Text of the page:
Michael A. Sawyers
CUMBERLAND — Just shy of 44 years, Richard Goebel will end his career at the Times-News today when he retires from his job in the composing room.
In 1967, the Mount Savage resident began working at the newspaper on a part-time basis as an inserter in the mail room. In July 1969, Goebel became a printer and is retiring as the president of Typographical Union, Local 244.
“The things I remember most are the changes in the way the paper was put together, from hot type to cold type,” Goebel said, remembering that a printer could get a lap full of hot lead if a hose carrying the heated substance would come loose.
Goebel, who has always worked the night shift, said there were 65 printers when he began his employment. “It was manual labor,” he said. “The hours and the days went slowly sometimes, but the years have gone fast.”
A big challenge, Goebel explained, was to run what he called the automatic machine. Before word processors and computers, reporters would create stories with typewriters on paper. A copy boy would grab that finished product and transport it to the composing room where Goebel and others would keystroke the entire story once more.
“The thing was, there was no display to show you what you typed,” he said. “Instead there was a strip of paper or tape with different dots that meant different letters (of the alphabet). After a while you got to where you knew which dots meant which letters, but it was tricky.”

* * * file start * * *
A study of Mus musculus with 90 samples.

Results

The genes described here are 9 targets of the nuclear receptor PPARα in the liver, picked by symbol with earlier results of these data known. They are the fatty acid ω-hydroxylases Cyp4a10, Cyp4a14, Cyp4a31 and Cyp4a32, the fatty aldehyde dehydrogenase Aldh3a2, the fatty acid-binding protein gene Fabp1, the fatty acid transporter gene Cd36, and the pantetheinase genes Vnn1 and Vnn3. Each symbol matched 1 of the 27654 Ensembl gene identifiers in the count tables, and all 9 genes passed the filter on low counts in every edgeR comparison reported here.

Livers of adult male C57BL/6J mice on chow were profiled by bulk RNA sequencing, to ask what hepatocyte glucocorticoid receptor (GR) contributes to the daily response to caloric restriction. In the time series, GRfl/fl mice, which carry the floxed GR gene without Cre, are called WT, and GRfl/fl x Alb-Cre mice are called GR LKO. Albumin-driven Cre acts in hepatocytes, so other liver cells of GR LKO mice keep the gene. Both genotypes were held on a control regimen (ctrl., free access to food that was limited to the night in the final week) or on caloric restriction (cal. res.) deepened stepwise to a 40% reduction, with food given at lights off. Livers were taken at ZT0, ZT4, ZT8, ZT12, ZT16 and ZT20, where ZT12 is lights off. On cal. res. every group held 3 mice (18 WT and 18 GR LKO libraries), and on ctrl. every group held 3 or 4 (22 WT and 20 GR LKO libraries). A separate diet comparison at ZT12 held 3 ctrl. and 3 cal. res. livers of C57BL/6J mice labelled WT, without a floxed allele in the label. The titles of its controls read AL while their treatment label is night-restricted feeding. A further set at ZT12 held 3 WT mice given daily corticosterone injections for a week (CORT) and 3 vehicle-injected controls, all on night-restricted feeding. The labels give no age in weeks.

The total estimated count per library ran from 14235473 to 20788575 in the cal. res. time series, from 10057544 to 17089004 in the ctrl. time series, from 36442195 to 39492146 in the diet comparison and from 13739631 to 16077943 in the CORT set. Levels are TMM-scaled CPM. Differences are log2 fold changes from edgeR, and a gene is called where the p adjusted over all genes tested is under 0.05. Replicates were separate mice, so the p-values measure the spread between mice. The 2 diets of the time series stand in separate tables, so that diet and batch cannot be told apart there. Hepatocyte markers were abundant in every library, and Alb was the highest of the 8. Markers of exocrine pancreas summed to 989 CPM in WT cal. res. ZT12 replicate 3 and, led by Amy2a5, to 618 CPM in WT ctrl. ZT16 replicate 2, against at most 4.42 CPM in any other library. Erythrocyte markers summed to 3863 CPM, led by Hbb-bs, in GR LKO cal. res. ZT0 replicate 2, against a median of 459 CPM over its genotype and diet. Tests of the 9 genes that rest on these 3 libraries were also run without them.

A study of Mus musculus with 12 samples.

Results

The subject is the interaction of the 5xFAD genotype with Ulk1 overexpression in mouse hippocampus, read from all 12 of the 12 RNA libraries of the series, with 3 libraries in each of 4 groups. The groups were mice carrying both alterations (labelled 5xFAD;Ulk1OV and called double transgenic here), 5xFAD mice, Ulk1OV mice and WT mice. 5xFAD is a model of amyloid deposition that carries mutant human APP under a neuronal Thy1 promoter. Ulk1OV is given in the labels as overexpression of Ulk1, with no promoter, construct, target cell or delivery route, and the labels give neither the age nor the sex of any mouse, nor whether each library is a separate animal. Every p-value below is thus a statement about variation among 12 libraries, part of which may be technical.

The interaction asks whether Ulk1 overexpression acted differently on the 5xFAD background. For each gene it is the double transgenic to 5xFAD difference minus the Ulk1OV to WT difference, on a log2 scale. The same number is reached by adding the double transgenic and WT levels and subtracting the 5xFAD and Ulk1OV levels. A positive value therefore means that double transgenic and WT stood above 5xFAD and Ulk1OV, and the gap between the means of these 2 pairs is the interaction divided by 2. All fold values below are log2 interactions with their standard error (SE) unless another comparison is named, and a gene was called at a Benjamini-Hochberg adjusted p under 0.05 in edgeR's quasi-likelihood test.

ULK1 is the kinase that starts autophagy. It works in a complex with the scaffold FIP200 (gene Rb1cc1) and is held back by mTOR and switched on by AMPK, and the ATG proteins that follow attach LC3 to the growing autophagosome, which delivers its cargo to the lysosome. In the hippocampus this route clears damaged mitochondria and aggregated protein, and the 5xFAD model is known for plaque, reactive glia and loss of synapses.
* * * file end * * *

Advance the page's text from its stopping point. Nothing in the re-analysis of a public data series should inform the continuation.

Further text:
Nowadays, Goebel said, newspapers are hiring graphic artists to put the newspaper together via computer screens.
“But we were graphic artists before the term even existed,” he said of the printers of yesteryear.
Paul Siefers, composing room foreman who happens to be retiring Friday as well, said about Goebel, “He is a good employee and was a good union president for more than 25 years.”
Publisher Larry Effingham congratulated Goebel and thanked him for his service to the Times-News. “I congratulate you on your retirement and hope that your new life will be all that you hoped and worked for these many years. Your dedication to putting out a quality product each and every day will be sorely missed.”
Goebel said he will travel some in retirement and work around the house.
“I’ll probably do some volunteer work,” he said. With degrees in teaching and general arts from Allegany College of Maryland, Goebel speculates he may do some tutoring.
Contact Michael A. Sawyers at email@example.com.